Autumn at Westonbirt, The National Arboretum, managed by the Forestry Commission, will this year be celebrated with poetry and photography inspired by the tree collection’s spectacular seasonal changes.
Each stop on the seasonal trail, taken by over 100,000 visitors each autumn, will feature a Japanese haiku-style poem selected from entries to a competition run by the Westonbirt Magazine over the summer.
Visitors will also have the chance to submit photographs to an online competition.
Autumn colour at Westonbirt Arboretum has excited visitors for over a century.
In the late 1890s and early 1900s, the picturesque design and exotic plantings were only available to guests of Westonbirt’s owners, the Holford family. A select few would be invited to ‘colour parties’ hosted by Sir George and Lady Holford.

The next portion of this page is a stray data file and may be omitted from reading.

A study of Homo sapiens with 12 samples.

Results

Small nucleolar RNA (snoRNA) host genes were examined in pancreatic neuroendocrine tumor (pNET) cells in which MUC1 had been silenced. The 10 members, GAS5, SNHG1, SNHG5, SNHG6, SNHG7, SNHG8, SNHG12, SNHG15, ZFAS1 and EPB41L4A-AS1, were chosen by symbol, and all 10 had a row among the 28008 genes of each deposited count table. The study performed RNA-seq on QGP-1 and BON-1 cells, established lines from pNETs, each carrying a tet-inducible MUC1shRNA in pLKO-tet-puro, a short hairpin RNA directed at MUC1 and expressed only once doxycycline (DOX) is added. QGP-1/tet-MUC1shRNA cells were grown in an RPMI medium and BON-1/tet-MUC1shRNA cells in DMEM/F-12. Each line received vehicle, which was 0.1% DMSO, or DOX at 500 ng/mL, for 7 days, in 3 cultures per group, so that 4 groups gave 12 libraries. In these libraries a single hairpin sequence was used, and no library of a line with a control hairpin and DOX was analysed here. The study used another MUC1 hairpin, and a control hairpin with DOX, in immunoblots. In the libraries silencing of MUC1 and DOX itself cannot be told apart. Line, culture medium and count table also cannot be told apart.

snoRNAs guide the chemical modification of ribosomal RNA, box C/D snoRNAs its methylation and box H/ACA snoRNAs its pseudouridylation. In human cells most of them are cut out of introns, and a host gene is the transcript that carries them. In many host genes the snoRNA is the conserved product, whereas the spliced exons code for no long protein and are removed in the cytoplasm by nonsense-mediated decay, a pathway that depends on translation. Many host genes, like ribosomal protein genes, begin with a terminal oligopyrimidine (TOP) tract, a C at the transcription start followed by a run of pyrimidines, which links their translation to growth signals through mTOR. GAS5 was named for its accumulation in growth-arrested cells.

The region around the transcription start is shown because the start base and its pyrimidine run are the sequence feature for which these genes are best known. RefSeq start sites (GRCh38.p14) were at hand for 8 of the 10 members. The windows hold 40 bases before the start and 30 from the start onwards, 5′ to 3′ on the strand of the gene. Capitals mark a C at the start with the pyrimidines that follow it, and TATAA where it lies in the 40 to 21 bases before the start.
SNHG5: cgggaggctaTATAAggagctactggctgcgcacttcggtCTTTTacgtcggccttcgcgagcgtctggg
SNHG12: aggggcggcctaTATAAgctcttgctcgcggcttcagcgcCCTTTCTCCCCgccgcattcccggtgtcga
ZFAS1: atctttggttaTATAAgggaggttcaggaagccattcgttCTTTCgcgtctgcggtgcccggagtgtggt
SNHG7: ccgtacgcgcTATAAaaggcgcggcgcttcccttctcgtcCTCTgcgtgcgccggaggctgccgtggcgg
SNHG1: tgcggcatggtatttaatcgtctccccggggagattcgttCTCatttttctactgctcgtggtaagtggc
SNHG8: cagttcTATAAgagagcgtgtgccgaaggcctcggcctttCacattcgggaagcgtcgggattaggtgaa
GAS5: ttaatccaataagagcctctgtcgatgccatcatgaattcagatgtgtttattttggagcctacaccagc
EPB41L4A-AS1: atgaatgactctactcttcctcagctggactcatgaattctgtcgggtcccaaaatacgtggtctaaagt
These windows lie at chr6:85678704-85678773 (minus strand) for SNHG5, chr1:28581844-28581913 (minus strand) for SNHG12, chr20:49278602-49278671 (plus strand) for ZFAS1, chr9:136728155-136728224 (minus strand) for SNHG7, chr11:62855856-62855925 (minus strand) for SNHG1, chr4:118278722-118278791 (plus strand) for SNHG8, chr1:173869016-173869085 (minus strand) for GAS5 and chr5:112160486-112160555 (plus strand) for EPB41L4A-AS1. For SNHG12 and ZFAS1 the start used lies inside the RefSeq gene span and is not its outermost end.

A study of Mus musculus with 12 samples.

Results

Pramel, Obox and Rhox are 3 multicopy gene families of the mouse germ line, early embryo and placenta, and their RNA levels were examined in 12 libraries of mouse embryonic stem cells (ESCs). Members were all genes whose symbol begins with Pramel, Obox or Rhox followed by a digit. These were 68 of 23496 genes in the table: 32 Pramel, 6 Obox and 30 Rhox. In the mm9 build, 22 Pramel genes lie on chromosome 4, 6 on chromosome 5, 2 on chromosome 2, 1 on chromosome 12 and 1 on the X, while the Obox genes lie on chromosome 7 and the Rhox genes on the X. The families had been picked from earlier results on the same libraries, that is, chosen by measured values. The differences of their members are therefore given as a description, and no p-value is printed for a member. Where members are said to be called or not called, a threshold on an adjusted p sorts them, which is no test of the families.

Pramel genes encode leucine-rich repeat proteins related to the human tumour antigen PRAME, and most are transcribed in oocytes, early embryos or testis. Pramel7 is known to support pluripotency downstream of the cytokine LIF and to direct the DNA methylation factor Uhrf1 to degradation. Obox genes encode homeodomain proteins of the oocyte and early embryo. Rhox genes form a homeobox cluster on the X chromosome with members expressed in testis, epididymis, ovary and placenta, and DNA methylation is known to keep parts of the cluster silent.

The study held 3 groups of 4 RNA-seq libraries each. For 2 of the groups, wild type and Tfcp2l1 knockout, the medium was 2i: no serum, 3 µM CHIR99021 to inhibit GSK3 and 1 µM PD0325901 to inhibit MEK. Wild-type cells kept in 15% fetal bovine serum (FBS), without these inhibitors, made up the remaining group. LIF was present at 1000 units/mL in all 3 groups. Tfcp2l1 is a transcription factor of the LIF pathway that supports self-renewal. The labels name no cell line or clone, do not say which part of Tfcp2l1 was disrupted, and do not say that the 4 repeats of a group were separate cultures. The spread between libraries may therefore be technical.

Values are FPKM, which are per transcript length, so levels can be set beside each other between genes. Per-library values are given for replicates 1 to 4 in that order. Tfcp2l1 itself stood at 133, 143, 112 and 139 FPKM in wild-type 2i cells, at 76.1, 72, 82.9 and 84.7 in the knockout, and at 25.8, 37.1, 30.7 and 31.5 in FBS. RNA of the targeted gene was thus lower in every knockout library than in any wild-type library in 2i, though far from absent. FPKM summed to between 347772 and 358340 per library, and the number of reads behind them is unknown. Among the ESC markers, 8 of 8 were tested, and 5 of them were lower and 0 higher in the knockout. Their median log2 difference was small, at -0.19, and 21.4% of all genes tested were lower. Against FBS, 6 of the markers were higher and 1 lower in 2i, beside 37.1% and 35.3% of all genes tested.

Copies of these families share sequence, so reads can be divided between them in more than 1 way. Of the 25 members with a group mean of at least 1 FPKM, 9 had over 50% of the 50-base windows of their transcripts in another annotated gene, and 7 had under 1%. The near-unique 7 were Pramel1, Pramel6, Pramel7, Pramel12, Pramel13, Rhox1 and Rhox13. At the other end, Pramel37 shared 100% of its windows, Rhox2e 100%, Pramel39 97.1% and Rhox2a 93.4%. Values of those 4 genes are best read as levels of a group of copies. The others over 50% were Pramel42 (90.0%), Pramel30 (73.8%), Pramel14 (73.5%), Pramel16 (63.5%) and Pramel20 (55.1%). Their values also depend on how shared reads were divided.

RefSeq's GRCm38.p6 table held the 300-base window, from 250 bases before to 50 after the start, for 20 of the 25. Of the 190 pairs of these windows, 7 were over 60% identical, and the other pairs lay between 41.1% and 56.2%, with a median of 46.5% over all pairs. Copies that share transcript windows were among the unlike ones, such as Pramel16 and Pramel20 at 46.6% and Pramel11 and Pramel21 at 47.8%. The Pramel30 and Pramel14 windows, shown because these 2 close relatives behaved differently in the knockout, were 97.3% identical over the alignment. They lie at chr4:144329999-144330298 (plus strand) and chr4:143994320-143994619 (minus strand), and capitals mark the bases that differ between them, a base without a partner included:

George inherited Westonbirt in 1892 from his father, the arboretum’s creator, Robert Holford. Both men had a passion for the picturesque landscape design and exotic plantings that were popular in the Victorian period. Trees such as Westonbirt’s famous Japanese maples and Persian ironwoods were collected from around the world to produce a vibrant show of colour.
The arboretum was passed to the Forestry Commission in 1956 and opened to the public in 1962. Now, thousands of visitors each year make their way to Westonbirt during October and November to experience one of
nature’s most dramatic seasonal displays.
To find out more about the Inspired by Autumn photography competition, autumn guided walks, the colour watch blog and seasonal highlights, visit www.forestry.gov.uk/westonbirt from 1 September.